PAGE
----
Being a sanctuary for my children


I often get the comment, “I just love reading your Facebook posts!”  I consider myself a bit of a social media guru, using Facebook, Twitter, and my blog to share about ministry events and as my own creative outlet.  Writing for me is a spiritual discipline as it helps me, an introvert, to process and reflect on my experiences and thoughts.  My blog has been like a therapist, helping me to process my parenting angst.  When I felt most alone, I was encouraged by my online community that responded, “Me too!”  Facebook serves as my online journal.  As a busy mom, I don’t have time to scrapbook, so it becomes a collection of pictures, a log of our family activities, and a repository of cute kid stories and sayings that I can look back on and remember.  The latter is usually the source of people’s delight in my Facebook posts.  My children are 5 and 7, and due to their strong-willed and precocious nature, they provide great story material.

Although I have read blog posts about the dangers of oversharing and have friends that won’t even use the real names of their children online, I haven’t been concerned.  Something about the removed nature of this form of sharing gives me a false sense of security.  But unfortunately, I have learned a difficult lesson.  My son has a crush on a girl in his class, and they talked on the phone after school for the first time last week.  Smiling at the sweet awkwardness of second grade conversation, I posted a status about not being ready for my 7-year-old to date.  The next day, Brady came home and asked if I had told his teacher about his girlfriend.  “No,” I answered, “Why do you ask?”  He responded with a perplexed look, “Because she knew that we talked on the phone and asked me about it.”  Instantly I remembered that his teacher’s husband is a former co-worker of mine and a Facebook friend.  I was filled with anger that he would share it with his wife and that she would embarrass Brady by asking about it.  And then I was ashamed because I was truly the source of the problem.  Facebook is not private, and I shouldn’t have expected information that I shared with a wide diversity of connections to stay that way.

It definitely made me think.  For one thing, my boy is growing up.  Although he is an extrovert that has never met a stranger, I sense a growing need for privacy in him.  While I thought his attraction was “cute”, he sees it as something more serious.  As a mother, I am deeply invested in my children’s experiences, but I am learning that I don’t own their stories, even though I often feel and act as if I do by sharing them online and in sermons.  They are navigating their own way through life and I should be a safe place, a sanctuary, in which to find support and learn what is appropriate.  I should offer them encouragement to build their own sense of self-esteem and value what they see as important (even if I don’t agree that seven-year-olds should be dating).  My kids are more than anecdotes, and when I share their private stories, I teach them that they can’t be honest and vulnerable with me.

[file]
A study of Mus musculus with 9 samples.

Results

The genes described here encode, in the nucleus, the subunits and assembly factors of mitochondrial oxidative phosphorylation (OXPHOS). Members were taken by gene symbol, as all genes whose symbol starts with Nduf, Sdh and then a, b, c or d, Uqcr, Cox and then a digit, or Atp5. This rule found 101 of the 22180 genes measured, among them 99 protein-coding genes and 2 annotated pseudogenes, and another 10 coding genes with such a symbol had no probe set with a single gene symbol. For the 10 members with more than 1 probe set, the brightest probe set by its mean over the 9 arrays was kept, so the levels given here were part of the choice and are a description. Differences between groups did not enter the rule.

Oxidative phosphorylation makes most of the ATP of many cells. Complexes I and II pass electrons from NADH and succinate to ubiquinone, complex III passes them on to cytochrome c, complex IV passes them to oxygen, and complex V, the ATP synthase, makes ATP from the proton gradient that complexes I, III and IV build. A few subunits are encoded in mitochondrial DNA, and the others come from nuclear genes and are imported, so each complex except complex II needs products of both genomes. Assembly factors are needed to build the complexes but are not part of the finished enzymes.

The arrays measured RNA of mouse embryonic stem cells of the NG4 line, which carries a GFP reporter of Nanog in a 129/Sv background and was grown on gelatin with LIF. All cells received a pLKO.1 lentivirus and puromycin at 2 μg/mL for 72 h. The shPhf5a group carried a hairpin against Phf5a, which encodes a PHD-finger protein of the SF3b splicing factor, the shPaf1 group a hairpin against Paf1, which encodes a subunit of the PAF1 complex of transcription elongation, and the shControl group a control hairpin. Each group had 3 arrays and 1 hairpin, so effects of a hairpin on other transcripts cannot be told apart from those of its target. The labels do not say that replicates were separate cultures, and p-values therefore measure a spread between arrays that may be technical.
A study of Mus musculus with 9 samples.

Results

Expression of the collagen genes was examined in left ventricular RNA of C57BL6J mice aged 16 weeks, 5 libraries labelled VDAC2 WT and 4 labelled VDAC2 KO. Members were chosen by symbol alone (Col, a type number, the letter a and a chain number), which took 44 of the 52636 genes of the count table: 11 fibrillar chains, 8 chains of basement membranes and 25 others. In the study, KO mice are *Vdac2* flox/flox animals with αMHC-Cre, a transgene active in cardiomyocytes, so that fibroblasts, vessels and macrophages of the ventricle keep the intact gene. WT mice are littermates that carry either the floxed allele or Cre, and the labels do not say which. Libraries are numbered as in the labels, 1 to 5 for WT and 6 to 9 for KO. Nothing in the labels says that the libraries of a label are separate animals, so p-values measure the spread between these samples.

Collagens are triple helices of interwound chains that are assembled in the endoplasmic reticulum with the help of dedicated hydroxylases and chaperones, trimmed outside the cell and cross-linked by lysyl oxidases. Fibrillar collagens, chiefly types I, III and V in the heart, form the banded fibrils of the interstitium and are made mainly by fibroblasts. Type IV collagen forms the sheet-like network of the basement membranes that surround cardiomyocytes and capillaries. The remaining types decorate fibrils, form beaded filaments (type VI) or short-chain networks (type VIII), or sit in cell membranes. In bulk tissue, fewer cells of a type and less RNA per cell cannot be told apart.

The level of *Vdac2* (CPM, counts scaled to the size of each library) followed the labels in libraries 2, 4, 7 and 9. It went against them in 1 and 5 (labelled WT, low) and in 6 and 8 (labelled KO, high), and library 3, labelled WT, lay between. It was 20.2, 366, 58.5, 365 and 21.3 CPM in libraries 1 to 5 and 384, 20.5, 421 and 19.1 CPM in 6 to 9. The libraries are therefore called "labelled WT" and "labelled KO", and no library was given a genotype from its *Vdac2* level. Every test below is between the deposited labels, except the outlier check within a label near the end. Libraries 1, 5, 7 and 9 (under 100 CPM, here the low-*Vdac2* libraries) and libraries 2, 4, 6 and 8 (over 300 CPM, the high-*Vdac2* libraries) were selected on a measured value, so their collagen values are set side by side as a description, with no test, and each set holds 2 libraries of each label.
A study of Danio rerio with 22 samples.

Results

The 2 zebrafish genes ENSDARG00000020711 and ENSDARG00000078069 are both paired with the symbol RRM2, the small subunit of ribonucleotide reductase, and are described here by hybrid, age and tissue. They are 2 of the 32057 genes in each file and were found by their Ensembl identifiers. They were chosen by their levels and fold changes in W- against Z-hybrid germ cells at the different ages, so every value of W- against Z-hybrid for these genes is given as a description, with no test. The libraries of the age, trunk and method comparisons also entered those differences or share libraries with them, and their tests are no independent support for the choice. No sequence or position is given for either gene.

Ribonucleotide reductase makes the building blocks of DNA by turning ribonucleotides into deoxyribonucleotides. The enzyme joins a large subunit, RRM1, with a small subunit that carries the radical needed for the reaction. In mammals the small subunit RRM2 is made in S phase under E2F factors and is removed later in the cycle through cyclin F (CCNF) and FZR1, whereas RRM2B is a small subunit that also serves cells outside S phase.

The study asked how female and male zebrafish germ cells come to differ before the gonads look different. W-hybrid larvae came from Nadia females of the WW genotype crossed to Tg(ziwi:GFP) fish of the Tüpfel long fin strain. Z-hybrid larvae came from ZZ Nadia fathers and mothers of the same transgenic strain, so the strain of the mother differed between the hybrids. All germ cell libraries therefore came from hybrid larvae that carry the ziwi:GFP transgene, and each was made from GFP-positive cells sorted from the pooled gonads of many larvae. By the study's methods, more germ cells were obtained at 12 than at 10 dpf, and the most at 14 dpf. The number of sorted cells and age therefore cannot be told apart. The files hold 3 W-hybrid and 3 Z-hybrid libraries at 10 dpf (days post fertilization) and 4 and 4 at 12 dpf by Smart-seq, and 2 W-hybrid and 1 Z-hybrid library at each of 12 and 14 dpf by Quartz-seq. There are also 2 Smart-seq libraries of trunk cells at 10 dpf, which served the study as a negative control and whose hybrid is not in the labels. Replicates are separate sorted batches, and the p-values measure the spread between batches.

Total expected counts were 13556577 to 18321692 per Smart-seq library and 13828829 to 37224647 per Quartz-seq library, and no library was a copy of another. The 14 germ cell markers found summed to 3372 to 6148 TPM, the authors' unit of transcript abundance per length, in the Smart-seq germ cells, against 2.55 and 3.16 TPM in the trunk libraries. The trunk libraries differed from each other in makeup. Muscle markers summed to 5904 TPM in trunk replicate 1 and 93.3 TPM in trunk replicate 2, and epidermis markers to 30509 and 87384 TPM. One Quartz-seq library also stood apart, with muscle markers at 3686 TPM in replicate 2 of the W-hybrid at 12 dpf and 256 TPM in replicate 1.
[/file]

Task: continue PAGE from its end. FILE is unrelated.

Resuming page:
As a minister, I recently had the opportunity to preach in front of my son for the first time.  Usually my ministry takes place in a university setting and my kids don’t often have a chance to see what I do.  On this Sunday, I was doing pulpit supply for our pastor.  I had forgotten that this was the first Sunday that my son, now a second grader, would be remaining in the sanctuary for the service instead of going to children’s church.  It was a bit of a shock to look down from the pulpit and see him smiling back at me.  It was one of the pivotal moments I’ll remember in ministry, like the privilege of baptizing him in this same church.  I quickly did a mental scan of my sermon to make sure I hadn’t used any stories about him, and was a little awed by the responsibility of my children seeing me engage in ministry as they connected in worship.  I want them to value faith and to feel a part of the church.  I desire for them to know their worth in God’s eyes and in mine.  I want to share that my love for them and my love for ministry comes from a deep sense of God’s calling and love, which I want them to experience in a real and personal way.  I feel sometimes that my words to them don’t always get through, but on this Sunday I had a special pulpit in which to share my love.  I wondered how much of it made sense to him, but was reassured by the picture he handed me after the service was over.  I think he understands a lot more than I realized.

Brady 9_13


Rev. Jenny Frazier Call is an ordained Baptist minister serving as university chaplain at Hollins University in Roanoke, Virginia.  A graduate of the College of William and Mary and the Baptist Theological Seminary at Richmond, she learns the most from her precocious children, Brady and Maryn.  She couldn’t juggle it all without the loving support of her husband, John.